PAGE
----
Century old bicycle technology may provide a stronger and lighter chassis for the Caterham Seven

Caterham has teamed up CAE consultant Simpact and bicycle tube-makers Renolds Technology to build a new lightweight frame for the Caterham Seven. It almost seems like a backward step in technology, but this new frame is actually made using the same butted tube technology used to build bicycles – a process that was patented by Renolds Technology back in 1897. According to the trio, the new frame design shaves 10 percent of the weight from the Seven’s chassis, and up to 50 percent of mass from some parts without any sacrifice to the chassis’ torsional stiffness or strength.

A prototype Caterham Seven debuted at the Niche Vehicle Network Symposium earlier this month, and from the look of things, the technology is almost ready to shift into production models. Caterham says optioning for this new lightweight frame on future Seven models should cost between £1,000 and £2,000. At current exchange rates, that would mean a premium somewhere between $1,444 and $2,889.

The CTO of Caterham Cars, Simon Lambert, said, "Caterham and Reynolds are two proudly British brands, and there is a real synergy between customers of Caterham and cycling enthusiasts, so it’s even better that the technology that has made this possible has come from the two-wheeled world."

According to Caterham, the technology can even be adopted by other companies that are currently using space frames. For now, the British automaker will continue to develop the prototype that debuted earlier this month, with a view to launch a production model using the new frame technology in “due course.”

Continue reading for the full story.

0Why it matters0

Caterham Will Use Bicycle Technology To Cut Weight

On top of that, performance figures should increase as well. The sprint to 60 mph could drop, and overall speed should go up a peg or two, and you really can’t complain about that. That said, I’m still skeptical at this point and will have to see proof that this frame is as strong or stronger than the current technology in use before I believe it. Until then, we’ll be watching the development of this new technology, so stay tuned for future updates.

02016 Caterham Seven 620S0

2016 Caterham Seven 620S

Press Release

A trio of British companies has produced the world’s first car chassis using butted tubing technology taken from bicycle production.

Caterham Will Use Bicycle Technology To Cut Weight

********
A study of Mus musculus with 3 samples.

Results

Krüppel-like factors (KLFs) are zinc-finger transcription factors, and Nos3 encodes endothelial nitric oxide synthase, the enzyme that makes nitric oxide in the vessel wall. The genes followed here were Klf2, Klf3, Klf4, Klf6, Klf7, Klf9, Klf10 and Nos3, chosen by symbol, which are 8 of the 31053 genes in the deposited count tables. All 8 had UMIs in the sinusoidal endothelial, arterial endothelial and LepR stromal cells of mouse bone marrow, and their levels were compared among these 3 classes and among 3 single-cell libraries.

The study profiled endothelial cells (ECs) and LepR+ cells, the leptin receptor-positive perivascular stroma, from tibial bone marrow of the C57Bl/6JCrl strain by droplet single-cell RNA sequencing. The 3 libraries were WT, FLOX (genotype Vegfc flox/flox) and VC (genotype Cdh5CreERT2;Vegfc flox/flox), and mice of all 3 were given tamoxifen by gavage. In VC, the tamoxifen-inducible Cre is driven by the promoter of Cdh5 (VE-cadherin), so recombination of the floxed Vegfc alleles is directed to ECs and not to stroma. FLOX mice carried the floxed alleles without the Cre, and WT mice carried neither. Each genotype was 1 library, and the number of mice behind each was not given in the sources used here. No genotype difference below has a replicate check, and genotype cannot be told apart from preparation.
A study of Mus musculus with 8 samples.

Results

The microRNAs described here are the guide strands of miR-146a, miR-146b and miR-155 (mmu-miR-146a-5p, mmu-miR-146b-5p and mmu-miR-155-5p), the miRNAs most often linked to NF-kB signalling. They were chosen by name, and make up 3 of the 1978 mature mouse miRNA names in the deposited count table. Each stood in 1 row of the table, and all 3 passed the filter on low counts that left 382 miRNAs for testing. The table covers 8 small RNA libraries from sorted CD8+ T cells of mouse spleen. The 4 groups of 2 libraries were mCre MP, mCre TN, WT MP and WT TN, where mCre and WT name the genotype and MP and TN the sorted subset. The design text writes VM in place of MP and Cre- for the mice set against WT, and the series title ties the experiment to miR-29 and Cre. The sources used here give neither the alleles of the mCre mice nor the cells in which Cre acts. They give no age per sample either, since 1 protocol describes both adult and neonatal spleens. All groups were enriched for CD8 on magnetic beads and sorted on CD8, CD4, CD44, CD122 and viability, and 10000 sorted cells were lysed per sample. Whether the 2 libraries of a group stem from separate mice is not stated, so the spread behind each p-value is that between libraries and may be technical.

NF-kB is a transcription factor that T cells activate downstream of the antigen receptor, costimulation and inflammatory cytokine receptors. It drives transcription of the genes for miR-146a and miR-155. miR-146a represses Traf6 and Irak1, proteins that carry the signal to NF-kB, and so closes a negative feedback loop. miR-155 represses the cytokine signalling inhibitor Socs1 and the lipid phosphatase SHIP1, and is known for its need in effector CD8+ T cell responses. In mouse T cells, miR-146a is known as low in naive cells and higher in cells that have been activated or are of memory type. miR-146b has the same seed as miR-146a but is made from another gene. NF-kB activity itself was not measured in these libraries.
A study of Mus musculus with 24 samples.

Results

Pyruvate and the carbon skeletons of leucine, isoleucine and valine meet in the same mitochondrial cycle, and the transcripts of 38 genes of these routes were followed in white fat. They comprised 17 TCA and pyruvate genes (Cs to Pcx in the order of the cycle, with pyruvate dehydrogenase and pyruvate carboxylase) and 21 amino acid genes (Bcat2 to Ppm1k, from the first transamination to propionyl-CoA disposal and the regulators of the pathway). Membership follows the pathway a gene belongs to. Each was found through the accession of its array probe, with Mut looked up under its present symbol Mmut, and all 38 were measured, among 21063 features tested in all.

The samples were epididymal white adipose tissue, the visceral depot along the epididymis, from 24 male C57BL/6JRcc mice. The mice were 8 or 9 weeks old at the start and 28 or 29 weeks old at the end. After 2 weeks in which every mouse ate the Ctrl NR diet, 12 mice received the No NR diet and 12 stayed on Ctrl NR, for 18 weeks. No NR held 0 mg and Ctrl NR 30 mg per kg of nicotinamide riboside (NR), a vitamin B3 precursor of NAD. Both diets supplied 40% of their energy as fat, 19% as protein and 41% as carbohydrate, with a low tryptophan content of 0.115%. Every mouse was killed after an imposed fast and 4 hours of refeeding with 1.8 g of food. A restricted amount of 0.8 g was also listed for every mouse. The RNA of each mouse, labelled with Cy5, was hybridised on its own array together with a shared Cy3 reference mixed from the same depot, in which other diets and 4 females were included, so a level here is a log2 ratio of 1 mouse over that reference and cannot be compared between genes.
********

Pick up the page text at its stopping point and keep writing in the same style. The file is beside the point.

The research and development project unveiled a prototype Seven using the new technology and processes at the Niche Vehicle Network Symposium on Wednesday, March 16.

Caterham believes that an ultra-lightweight Seven using the new technology would cost between £1,000 and £2,000 as an option on the standard vehicle but could be taken up by as much as a fifth of future Caterham customers.

Reynolds, which first patented the process for making butted tubes in 1897, provided the tubing technology for the initiative and had to develop new tooling and processes. Meanwhile, Simpact Engineering conducted the virtual analysis and testing to derive the specification and positioning of butted tubing and Caterham built the first prototype car.

Butted tubes are thicker at the ends than in the middle, meaning that frames can be both strong and lightweight. By using low-cost mild steel rather than more ‘exotic’ alloys, the project made large mass reductions of up to 50% on some parts without losing any of the chassis’ torsional stiffness or strength.

Simon Lambert, CTO of Caterham Cars, said: “Caterham has made its name as a purveyor of lightweight sportscars but we believe more can always be done to reduce weight and, therefore, emissions.

“Caterham and Reynolds are two proudly British brands and there is a real synergy between customers of Caterham and cycling enthusiasts, so it’s even better that the technology that has made this possible has come from the two-wheeled world.”

Caterham Will Use Bicycle Technology To Cut Weight

Keith Noronha, Reynolds MD, said: “We have had to expand our capabilities to meet the technical challenges seen during the course of this collaborative project, and are delighted to see specifically-engineered butted tube now in use on the iconic Caterham Seven.”

Caterham will continue to develop the existing prototype vehicle, with a view to launching a production version in due course. The research and processes can also be adopted by other companies using spaceframes.

Grant support for the engineering and development project was provided by the Niche Vehicle Network, which offers innovation support to the UK’s vibrant niche and specialist vehicle manufacturing sector. The Network’s activities are funded by Innovate UK - the UK’s innovation agency, the Office for Low Emission Vehicles (OLEV) and the Department for Business Innovation and Skills.